We are living in the era of festival inception


RISING festival
Credit: Peta Duncan
Words by Staff Writer

Festivals now have festivals within festivals within festivals, and we love it.

This seemingly unusual concept is epitomised by RISING, Night Trade, and Day Tripper.

If you’ve been living under a rock, RISING is Melbourne’s mammoth 16-day, city-wide festival, showcasing a vast diversity of boundary-pushing musical acts.

Night Trade made easy by Up is essentially RISING’s festival-within-a-festival – it’s the nightly hub. It hosts DJs, events, and performers most nights, spanning two major venues and their interlinking laneways.

Then there’s Day Tripper, a festival-within-a-festival-within-a-festival. With a whopping 23 acts over eight hours, ranging from Yasiin Bey to Bar Italia, it had all the hallmarks of a proper day-long music festival. Yet, it fit cohesively within both RISING and Night Trade, celebrating the best of both concepts.

Keep up with the latest music news, features, festivals, interviews and reviews here.

Day Tripper was a phenomenal success. The city-wide festival format is well-suited to Melbourne, with a long history of successful events like the Melbourne International Comedy Festival and Melbourne Fringe Festival.

But RISING has faced a significant challenge in replicating this success. It takes the broader festival format, places it in the middle of winter, and emphasizes a diverse celebration of various artistic forms and mediums rather than a cohesive, intertwining theme.

Music has been absolutely key. We’ve praised RISING’s impressive music lineups, which have led to numerous sell-out events this year despite the significant economic challenges facing the events sector. RISING won Best Metro Festival at the Music Victoria Awards last year and has been widely acclaimed for the strength and diversity of its music programming.

Day Tripper epitomised what RISING does so well: it celebrated subcultural icons both local and international—HTRK at Max Watt’s, MF DOOM at Melbourne Town Hall—encouraging audiences to engage and form their own emotional connections. In doing so, it transformed iconic venues like Melbourne Town Hall into vibrant, dynamic spaces.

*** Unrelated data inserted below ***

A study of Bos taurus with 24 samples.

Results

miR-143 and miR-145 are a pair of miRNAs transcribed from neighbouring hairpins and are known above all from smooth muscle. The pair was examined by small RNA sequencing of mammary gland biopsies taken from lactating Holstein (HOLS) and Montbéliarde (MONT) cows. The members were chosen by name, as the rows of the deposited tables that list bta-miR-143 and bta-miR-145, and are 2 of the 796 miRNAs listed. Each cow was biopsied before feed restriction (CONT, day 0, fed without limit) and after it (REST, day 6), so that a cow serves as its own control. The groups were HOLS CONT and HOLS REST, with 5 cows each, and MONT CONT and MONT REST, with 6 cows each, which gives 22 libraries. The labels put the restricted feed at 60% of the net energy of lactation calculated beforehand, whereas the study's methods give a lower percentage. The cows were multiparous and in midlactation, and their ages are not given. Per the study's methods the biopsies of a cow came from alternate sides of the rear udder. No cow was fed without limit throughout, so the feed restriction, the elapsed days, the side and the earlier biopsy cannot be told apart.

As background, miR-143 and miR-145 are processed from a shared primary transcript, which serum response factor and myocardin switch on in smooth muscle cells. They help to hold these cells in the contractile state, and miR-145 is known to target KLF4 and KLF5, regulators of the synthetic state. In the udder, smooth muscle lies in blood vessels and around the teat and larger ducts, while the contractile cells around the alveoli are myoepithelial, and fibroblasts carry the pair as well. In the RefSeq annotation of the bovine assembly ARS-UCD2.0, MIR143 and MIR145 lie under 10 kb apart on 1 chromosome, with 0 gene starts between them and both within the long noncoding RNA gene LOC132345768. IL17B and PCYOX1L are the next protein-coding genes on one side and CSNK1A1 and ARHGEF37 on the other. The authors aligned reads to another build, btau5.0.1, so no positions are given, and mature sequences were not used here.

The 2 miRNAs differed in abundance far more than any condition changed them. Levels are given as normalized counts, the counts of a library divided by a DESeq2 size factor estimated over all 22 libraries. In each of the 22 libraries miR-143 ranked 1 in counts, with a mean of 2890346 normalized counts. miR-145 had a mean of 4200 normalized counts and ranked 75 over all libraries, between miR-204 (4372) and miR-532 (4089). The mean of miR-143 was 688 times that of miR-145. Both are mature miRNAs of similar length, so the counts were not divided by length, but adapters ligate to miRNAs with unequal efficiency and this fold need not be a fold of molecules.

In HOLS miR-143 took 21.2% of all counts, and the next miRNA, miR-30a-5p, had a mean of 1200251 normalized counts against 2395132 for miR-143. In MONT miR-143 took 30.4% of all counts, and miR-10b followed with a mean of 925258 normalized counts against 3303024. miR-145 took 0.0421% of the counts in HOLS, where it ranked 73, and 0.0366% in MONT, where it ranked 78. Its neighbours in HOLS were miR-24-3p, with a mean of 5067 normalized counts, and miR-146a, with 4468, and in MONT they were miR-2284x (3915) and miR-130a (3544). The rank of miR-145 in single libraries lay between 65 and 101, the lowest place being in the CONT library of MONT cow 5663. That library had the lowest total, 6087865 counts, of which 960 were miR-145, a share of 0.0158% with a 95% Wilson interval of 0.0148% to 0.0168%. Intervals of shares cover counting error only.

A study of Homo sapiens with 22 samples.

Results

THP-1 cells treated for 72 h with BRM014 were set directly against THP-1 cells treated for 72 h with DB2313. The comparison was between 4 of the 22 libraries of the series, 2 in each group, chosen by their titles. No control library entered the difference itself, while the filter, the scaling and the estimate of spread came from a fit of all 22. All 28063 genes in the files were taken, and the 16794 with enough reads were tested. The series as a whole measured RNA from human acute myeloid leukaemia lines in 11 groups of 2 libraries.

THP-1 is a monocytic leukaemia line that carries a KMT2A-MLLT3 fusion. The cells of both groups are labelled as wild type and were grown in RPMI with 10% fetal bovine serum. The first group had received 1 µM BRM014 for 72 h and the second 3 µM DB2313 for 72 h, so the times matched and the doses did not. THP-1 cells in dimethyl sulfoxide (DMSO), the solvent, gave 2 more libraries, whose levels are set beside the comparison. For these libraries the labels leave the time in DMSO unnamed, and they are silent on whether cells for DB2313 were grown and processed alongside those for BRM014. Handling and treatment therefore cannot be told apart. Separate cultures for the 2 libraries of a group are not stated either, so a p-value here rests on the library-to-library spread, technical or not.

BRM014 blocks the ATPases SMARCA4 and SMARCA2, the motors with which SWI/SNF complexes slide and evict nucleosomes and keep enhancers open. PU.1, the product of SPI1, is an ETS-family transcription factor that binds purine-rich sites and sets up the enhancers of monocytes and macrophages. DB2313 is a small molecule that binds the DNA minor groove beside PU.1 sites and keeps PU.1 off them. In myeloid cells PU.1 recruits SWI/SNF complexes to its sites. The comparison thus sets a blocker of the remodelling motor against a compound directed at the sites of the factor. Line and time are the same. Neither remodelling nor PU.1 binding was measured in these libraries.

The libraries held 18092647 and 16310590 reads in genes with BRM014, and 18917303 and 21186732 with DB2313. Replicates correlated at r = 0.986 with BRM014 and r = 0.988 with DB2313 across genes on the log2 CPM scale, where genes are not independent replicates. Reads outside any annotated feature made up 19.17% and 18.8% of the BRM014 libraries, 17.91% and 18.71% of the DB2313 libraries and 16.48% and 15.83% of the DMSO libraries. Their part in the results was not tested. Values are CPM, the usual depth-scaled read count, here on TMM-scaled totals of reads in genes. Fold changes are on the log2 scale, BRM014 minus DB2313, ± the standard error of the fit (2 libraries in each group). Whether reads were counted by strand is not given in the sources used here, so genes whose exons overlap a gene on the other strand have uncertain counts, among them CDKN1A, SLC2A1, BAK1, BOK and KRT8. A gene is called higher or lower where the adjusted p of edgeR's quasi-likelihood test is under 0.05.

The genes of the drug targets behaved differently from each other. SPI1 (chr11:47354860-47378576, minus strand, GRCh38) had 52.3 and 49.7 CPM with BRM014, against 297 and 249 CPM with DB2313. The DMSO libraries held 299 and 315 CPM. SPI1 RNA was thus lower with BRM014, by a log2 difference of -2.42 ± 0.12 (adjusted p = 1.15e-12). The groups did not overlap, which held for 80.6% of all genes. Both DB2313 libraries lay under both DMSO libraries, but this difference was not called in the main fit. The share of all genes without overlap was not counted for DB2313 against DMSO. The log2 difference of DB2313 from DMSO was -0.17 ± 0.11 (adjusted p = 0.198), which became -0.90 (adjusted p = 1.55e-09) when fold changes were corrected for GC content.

It’s no wonder that Now or Never has replicated this model to its own success, with their own festival-within-a-festival at the Royal Exhibition Building last year.

As a broad concept, it’s highly intriguing. Its success lies in its conceptual strength at every level. Having Yasiin Bey perform a tribute to MF DOOM was a once-in-a-lifetime event that attracted a massive audience, which then trickled into every aspect of the festival.

Best of all, it’s refreshing to see so many unusual artists brought together on one-day. Increasingly, only a festival-within-a-festival model can really afford to accomplish this.

From Richard Youngs starting the day playing guitar with his feet, to Bar Italia’s too-cool-for-school set at the midway point, to Still House Plant’s beautiful and bizarre set at Max Watt’s, the day begun in typically-ecectic fashion.

This extended to WET KISS’s barnstorming punk happening right below Asha Puthli’s chilled-out disco niceties (and her own riveting stories of tripping, for that matter).

All of which was happening alongside the 24-Hour Rock Show. Every festival should have a chill-out space, and they don’t get more impressive than The Capitol, especially when it’s hosting massive displays of peak-era Jimmy Barnes, INXS, and Divinyls in Australian Made: The Movie.

It’s a reminder-within-a-reminder-within-a-reminder of just how lucky we are to enjoy such incredible artists in Melbourne.

There’s still so much happening at RISING this year, check out the full program here.